When the existing bridge was struck by a barge and temporarily shut down, bridge owners needed to rebuild the structure, but they also saw it as an opportunity. It was clear the community wanted accommodations for bicycle and pedestrian traffic as well and in response, a 4211-foot-long (1284 m) high-level bridge was created. The profile of the bridge is fairly symmetrical with the existing bridge, creating an appealing twin bridge appearance while also providing the team with a conventional and readily available construction method.
Because the project was funded through the Beaufort County Sales Tax Referendum, rather than state and federal funds, construction cost was a significant hurdle. Time, aesthetics, and durability were also top concerns. For all of these reasons, designers chose a high-performance precast concrete design.
Prestressed concrete beams were chosen to accelerate construction time and reduce long-term life-cycle costs. The 96 in. (2400 mm) prestressed concrete bulb-tee girder section provided the span range and beam spacing needed to deliver an economical concrete solution. It also made the 170 ft (52 m) main span one of the longest conventional prestressed concrete bridges in South Carolina.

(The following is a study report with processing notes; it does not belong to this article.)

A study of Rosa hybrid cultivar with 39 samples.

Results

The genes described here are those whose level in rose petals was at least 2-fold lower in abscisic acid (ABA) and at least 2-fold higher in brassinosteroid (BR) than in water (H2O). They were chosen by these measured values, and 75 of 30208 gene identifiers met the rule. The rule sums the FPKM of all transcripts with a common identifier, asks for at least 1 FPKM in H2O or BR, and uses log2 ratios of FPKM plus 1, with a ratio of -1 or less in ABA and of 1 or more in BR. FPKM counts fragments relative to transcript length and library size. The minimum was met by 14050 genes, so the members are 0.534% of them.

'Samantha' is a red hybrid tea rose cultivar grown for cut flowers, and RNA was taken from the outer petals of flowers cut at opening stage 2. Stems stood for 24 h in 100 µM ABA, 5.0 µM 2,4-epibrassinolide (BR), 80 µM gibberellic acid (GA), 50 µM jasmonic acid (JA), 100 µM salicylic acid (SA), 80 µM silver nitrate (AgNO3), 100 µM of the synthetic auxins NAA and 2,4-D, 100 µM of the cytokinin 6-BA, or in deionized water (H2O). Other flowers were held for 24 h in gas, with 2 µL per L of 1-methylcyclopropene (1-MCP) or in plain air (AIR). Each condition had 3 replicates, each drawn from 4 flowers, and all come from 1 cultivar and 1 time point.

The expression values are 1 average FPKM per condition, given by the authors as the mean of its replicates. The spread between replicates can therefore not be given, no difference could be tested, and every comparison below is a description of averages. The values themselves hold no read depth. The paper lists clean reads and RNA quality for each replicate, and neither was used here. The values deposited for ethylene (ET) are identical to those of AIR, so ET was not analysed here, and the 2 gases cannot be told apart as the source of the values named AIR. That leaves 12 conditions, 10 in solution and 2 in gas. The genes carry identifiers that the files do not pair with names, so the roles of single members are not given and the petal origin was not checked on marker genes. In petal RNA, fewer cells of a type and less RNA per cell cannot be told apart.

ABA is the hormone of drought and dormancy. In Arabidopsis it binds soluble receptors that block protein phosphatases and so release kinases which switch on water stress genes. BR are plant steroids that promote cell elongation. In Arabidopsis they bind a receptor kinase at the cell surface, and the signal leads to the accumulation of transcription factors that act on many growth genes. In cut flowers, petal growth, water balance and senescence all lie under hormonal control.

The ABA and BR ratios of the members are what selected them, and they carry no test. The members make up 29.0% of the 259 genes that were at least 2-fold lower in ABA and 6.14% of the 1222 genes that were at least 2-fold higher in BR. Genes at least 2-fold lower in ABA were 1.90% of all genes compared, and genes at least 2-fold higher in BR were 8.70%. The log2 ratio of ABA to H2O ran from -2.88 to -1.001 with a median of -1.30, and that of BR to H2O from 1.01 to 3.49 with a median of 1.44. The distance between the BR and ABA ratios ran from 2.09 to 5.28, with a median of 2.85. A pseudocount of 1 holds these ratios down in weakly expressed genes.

Safety and durability were also provided through the use of precast concrete. The site required a multihazard extreme event design methodology to account for possible storm surges, scour, seismic events, and vessel collisions. The prestressed concrete pile bents, isolated reinforced concrete drilled shaft bents, and shaft groups supporting waterline footings and hammerhead piers met all seismic design requirements. The combination delivered an aesthetically pleasing bridge that will withstand the worst that nature—or rogue river barges—might deliver.